The Lost Opportunity of India’s First Woman President
Her election in 2007 is regarded as the murkiest presidential polls in Indian history with several corruption allegations cast against her. But the 72-year old, unremarkable governor, Pratibha Patil, still managed to win. With International Women’s Day around the corner, there is opportunity to reflect on the implications of her election and to discuss how stronger candidates can be attracted to such positions in the future.
In India, the President’s role is mostly ceremonial and has been customarily bestowed on a member of a politically underrepresented group. Patil’s predecessor Abul Kalam Azad fit the bill since he was Muslim. But he was also well-qualified and engaged many with his vision for India’s future. In contrast, Patil’s demeanor, speeches and actions have been uninspiring. From a distance, Patil’s election may symbolize progress. President Obama even remarked during his recent trip that India is doing well because of its many women leaders. But when you look closer, you realize that her election represents all that is wrong with Indian politics today.
It was widely presumed that Patil was chosen by the ruling United Progressive Alliance (UPA) president Sonia Gandhi because of her loyalty to the dynastic family, and so that she could favour the UPA forming the majority in the case of a hung parliament after the coming elections. Sadly, not only is the outside world unaware about Patil’s background but many Indians are also ignorant or apathetic about this, since there isn’t much one can do without a feasible option to the ruling UPA. The opposition National Democratic Alliance (NDA) is backed by the Hindu nationalist BJP which has fostered a spirit of hatred and communal violence against Muslims and Christians for many years.
Should the women’s movement in India hail Patil’s election as progressive just because she is a woman? Or would they have been better off with a more capable President regardless of gender, who supports crucial pro-women policies? It is pitiful that at a time when there are more concurrent women heads of state in the world than ever before (as many as 25) and Indian women like Indira Nooyi, CEO of Pepsico, run some of the biggest companies in the world, we could not find a more qualified woman President.
C.S. Anuradha of Pondicherry University says South Asian women political leaders have always drawn negative criticism when they have been assertive and judged as unsuitable for leadership when they have been docile. Patil certainly falls in the latter category, which may not bode well for future women leaders. Considering India’s poor record of women’s participation in politics, we needed a shining example of a leader to inspire a growing trend of capable women decision makers. India has not had a female prime minister since Indira Gandhi became India’s first PM 30 years ago and an equally charismatic woman President may have diminished the memories of Indira Gandhi’s authoritarianism.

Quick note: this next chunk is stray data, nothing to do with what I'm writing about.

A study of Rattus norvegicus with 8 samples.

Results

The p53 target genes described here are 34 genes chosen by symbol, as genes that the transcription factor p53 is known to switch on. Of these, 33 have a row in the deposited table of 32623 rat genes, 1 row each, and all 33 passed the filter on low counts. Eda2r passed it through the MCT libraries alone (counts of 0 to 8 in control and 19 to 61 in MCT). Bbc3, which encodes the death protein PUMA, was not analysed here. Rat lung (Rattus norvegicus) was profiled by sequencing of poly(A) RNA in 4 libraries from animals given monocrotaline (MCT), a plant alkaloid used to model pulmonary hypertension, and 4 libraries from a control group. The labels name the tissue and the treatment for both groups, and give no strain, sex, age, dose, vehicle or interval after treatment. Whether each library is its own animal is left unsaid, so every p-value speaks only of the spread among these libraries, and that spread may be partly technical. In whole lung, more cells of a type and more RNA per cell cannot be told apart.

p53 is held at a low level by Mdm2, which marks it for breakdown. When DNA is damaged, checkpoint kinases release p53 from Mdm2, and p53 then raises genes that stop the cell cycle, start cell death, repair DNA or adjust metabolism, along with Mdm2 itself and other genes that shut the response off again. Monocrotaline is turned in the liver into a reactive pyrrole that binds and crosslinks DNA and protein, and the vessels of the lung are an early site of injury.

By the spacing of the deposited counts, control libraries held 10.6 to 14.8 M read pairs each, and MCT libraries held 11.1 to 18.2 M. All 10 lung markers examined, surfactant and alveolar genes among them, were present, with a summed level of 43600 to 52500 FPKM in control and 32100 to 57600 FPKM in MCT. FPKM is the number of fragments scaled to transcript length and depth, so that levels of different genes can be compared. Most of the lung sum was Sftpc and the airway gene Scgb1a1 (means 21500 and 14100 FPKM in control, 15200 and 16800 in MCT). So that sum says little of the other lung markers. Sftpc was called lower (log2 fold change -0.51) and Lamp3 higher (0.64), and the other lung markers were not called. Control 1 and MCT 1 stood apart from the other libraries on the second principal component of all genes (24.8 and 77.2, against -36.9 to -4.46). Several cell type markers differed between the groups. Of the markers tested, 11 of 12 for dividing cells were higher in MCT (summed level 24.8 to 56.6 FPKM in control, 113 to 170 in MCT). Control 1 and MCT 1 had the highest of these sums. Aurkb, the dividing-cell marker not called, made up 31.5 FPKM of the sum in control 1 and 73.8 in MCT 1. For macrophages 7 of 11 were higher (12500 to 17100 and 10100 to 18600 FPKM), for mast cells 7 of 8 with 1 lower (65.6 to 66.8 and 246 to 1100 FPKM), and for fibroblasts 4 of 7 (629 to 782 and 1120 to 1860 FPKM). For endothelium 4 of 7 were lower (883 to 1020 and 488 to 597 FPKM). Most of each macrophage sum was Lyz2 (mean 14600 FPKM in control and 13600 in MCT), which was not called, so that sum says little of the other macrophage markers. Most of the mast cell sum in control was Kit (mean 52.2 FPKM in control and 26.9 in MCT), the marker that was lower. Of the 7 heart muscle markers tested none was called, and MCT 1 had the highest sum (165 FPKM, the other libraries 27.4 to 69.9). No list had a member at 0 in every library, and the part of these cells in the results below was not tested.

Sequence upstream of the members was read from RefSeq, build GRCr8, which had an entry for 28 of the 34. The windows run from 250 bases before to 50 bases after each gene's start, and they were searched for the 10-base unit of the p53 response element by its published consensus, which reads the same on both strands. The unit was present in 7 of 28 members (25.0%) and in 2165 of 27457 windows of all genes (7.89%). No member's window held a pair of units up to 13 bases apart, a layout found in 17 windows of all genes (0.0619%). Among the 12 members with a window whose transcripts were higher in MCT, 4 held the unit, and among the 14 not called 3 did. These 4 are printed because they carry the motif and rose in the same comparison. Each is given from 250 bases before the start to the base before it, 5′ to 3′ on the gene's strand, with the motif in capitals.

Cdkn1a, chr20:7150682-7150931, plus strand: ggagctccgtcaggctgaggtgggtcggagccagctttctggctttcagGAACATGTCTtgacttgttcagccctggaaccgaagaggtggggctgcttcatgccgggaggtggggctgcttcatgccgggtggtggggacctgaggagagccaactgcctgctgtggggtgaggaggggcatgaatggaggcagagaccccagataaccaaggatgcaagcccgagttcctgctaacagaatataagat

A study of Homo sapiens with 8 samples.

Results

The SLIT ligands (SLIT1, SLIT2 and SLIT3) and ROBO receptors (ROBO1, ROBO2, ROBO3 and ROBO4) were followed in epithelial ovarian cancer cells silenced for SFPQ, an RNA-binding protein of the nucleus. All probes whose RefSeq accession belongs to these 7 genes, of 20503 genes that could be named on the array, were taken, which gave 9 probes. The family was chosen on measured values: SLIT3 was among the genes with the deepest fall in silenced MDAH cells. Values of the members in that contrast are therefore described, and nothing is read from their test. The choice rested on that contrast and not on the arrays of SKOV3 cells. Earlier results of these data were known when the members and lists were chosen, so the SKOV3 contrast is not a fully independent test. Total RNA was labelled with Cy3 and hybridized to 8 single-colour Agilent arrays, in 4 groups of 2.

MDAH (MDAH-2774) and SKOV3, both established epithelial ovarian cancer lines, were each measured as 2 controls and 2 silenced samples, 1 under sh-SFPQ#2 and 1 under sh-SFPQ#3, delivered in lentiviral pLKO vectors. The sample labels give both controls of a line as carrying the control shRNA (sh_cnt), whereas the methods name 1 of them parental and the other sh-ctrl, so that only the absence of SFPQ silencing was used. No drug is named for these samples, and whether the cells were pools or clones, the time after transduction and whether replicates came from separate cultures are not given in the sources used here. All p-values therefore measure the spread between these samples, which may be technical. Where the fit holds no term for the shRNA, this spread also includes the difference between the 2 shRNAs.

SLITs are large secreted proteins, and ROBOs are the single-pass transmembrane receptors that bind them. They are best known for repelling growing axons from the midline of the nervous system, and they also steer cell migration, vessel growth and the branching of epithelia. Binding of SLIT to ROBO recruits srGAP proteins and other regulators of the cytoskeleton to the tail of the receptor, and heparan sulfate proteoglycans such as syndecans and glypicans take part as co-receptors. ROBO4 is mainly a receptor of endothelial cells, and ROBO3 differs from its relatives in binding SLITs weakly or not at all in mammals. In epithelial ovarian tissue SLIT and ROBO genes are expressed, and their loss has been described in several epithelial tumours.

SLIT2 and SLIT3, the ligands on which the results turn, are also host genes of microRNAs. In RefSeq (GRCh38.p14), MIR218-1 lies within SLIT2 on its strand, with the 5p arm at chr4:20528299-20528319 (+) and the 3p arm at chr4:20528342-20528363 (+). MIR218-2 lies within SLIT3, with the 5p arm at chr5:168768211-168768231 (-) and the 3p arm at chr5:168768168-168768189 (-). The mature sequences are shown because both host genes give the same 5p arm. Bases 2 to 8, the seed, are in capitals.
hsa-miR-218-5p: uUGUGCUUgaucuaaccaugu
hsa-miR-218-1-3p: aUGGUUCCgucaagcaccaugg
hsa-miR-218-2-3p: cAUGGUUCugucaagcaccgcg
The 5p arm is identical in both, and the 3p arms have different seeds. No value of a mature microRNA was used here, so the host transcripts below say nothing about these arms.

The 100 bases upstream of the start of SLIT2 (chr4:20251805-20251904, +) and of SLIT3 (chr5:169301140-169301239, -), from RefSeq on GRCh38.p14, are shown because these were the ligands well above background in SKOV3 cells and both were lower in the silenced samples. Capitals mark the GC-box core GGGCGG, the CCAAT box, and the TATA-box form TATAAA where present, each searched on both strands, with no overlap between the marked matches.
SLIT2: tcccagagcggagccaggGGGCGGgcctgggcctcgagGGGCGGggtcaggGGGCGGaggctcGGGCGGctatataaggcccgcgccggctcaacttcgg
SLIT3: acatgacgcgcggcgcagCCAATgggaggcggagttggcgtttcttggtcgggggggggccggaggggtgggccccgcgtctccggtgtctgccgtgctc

Interestingly, one of the few ways that Patil’s election has been a positive development is the fact that she is the first female head of state in South Asia without family connections to politics. Now if we identify younger women with strong leadership potential and mentor them on their path to greatness, we may not have to bestow any more honours on those who are undeserving. We must change the perception of politics as corrupt and eliminate the barriers women face while entering politics, beginning with disseminating basic information of how to start. Another way may be to support the only women's political party in the world, the United Women’s Front, started by Suman Krishankant in India in 2007. And finally, we must pressure the Lok Sabha (lower house of parliament) to pass the Women’s Reservation Bill, which would reserve 33% of seats in parliament for women, up from nine percent.
This is critical as India is projected to possess the fourth most capable concentration of power by 2015, according to a CIA report. India ranks 10th in world military expenditure, spending 18.6 % of our budget on defense while only 12.7 % is spent on education and only 3.4 % is spent on health. Since women have different priorities and may choose to invest more in education, health and peace, over the military, one can only hope that more capable women leaders will decide India’s future.
This article is part of a writing assignment for Voices of Our Future, which is providing rigorous web 2.0 and new media training for 30 emerging women leaders. We are speaking out for social change from some of the most unheard regions of the world.